This assignment asks students to choose one or more texts of a total of no more than 100 words, and without altering the text, create a convincing typographic argument in any medium, guided by the principles of classical rhetoric. Tutor: Jason Grant.
John wanted to challenge “the belief that an ever-expanding consumption of goods is advantageous to the long-term economy”. He created an installation as a kind of 3 dimensional poster. Its physical bulk becomes an affecting spatial experience.
The word ‘Mine’ is coupled with turgid marketing straplines from a local homewares retailer and mining company:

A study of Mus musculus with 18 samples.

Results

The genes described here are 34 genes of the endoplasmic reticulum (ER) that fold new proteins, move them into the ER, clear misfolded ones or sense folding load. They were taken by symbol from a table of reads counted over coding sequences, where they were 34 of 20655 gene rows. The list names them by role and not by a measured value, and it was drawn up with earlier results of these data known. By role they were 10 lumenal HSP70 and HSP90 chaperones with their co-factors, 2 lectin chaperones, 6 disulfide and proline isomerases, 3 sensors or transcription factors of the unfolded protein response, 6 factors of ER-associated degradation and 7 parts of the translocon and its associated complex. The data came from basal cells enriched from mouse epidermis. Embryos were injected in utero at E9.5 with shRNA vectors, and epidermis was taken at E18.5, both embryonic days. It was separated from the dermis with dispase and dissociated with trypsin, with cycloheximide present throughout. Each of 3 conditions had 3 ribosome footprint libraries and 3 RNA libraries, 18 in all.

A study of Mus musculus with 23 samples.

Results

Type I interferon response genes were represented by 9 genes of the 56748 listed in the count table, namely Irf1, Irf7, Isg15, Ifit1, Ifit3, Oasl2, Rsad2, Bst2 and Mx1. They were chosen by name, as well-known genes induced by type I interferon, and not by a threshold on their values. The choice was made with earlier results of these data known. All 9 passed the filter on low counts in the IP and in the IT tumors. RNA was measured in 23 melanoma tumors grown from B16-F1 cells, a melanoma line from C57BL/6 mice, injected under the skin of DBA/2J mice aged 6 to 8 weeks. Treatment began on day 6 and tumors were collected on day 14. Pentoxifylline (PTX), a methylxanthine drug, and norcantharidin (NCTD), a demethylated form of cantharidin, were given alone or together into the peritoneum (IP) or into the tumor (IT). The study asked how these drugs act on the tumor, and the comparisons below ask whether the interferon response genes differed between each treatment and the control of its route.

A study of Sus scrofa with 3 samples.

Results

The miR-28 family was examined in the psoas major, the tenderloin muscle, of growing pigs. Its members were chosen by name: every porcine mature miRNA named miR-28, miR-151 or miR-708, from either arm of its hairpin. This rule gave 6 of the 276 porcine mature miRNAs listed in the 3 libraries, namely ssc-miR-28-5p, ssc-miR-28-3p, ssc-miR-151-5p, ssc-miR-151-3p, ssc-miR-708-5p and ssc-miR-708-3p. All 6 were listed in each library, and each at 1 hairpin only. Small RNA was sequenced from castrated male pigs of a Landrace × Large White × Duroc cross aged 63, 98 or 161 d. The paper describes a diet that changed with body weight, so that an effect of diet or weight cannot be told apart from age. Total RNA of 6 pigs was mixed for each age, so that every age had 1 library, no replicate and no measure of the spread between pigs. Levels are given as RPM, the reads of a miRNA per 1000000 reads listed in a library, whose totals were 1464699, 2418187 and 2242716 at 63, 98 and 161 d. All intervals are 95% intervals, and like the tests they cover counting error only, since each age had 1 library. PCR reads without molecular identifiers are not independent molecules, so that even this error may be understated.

“When you make a lasting impression, it has to be a good one” AUSENCO
“Turn Longings into Belongings” Freedom Furniture
“Mine uses both meanings of the word to highlight the relationship between mining growth and consumerism. It aims to create links between daily choices made by the audience and the industrial-sized repercussions that their needs collectively create.”
So the ‘mine’ of mineral extraction (a void/absence) and possessive ‘mine’ of consumer acquisition (a mass/presence) are linked in a sculptural yin and yang.
It is an example of research and experimentation leading to a focused, distilled and convincing concept. One short word, repeated, invested with context and presence, and released as a critical meme.
As the end days draw nigh, these polite ploys of visual resistance will help ambush the ideologies of denial. And such a simple and forceful idea is realised entirely with letterforms.